Budget 2016 is a chance to set the tone for the years to come

Posted by Dan Breslin / Tuesday 15 March 2016 / Government spending Early intervention

Nowadays much of the Budget’s content is subject to fervent speculation and rumour long before the speech is delivered. We already know the Chancellor has talked about more difficult decisions that need to be made.

The Budget is an opportunity for the Government to make positive announcements and show where priorities lie for the years ahead. It is an opportunity to show that talk of improving children’s life chances will be backed up by funding to make it a reality.

The Prime Minister has said that parenting classes in the early years should be as common place as antenatal classes. This is great to hear, but there will need to be funding behind this if every family will benefit. 

We know how important the early years are for children’s futures, and giving parents the right tools and skills to help their children develop and be ready to start school is key.  Parents have told us that classes need to take different forms for different parents, and they want to feel comfortable about seeking advice at the right time for them

But if we really want to see an improvement in life chances, then the Government will have to dig deep and put extra resources into those communities where children are falling behind. Especially in the early years.

We know too many children in the most deprived communities are sadly not reaching levels of development we should expect. There are too many who reach age five and are not school ready. Investment in making sure these children don’t fall behind would make a big difference. For example, helping parents to create the best environment at home for children to learn and explore as they develop and grow.

New initiatives like more parenting classes are a good idea. Yet those services children and parents already rely on across the country must also be funded by national government. Our recent report with NCB and The Children’s Society, Losing in the long run, shows that central government funding for services like children’s centres and young people services is set to fall by 71 per cent between 2010 and 2020. This is a significant fall, and raises important questions about how possible it will be for local authorities to keep providing activities and programmes for parents and children in their area.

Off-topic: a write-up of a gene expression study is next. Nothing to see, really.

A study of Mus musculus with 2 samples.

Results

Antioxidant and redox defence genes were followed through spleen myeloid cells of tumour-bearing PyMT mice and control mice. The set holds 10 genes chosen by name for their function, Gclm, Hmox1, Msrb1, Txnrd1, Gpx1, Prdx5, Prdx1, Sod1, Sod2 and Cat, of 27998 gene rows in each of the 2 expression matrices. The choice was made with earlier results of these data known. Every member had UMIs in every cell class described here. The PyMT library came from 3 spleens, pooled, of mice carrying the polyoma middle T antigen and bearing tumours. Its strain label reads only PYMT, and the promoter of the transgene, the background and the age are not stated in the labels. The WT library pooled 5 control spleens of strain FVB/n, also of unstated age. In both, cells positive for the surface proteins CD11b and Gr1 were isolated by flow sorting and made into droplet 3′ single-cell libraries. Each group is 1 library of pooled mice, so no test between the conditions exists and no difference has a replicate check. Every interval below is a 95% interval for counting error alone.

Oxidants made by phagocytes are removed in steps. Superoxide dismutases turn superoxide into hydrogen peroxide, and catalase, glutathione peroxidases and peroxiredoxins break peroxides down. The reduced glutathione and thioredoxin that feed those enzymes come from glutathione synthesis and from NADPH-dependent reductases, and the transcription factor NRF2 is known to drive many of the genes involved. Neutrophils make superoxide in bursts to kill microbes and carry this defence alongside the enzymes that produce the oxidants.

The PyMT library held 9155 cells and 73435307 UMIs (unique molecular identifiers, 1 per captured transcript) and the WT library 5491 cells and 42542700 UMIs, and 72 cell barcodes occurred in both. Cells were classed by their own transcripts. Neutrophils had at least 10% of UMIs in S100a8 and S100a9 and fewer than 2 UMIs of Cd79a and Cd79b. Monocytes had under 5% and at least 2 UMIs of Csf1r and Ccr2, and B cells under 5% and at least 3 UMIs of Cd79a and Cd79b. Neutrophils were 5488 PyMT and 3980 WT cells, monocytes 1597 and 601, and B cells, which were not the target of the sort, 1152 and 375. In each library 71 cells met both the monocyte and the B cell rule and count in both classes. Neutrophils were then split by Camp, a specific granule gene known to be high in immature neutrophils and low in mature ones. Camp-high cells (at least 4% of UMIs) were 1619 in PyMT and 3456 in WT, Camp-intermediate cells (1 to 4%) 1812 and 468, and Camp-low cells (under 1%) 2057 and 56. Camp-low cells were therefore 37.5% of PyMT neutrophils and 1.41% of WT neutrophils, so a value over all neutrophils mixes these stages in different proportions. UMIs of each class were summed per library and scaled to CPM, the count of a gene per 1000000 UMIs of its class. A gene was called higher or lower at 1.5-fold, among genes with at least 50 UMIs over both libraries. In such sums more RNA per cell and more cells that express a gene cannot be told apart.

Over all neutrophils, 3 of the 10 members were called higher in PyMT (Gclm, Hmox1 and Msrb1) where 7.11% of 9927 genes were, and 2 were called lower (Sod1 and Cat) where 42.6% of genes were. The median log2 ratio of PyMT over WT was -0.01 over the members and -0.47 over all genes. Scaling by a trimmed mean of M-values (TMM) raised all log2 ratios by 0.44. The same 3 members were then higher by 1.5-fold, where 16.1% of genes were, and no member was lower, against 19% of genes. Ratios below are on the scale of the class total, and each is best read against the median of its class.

Local authorities will gain new responsibilities for funding local services in the next few years. As a result of this the early intervention grant will be phased out. The changes bring opportunities but also risks. We can’t afford to see services that step in early to stop problems escalating become the victim to challenging local economic circumstances.

The Budget offers the chance for the Chancellor to commit to an early intervention top up as recommended in our report. Based on local need and circumstances, this would be a crucial boost to local services at a time when budgets are getting tighter and decisions are becoming tougher.

When the Chancellor holds up the Red Box outside No 11 to reassure everyone he has his speech, let’s hope he hasn’t left behind the chance to make a difference to children and families.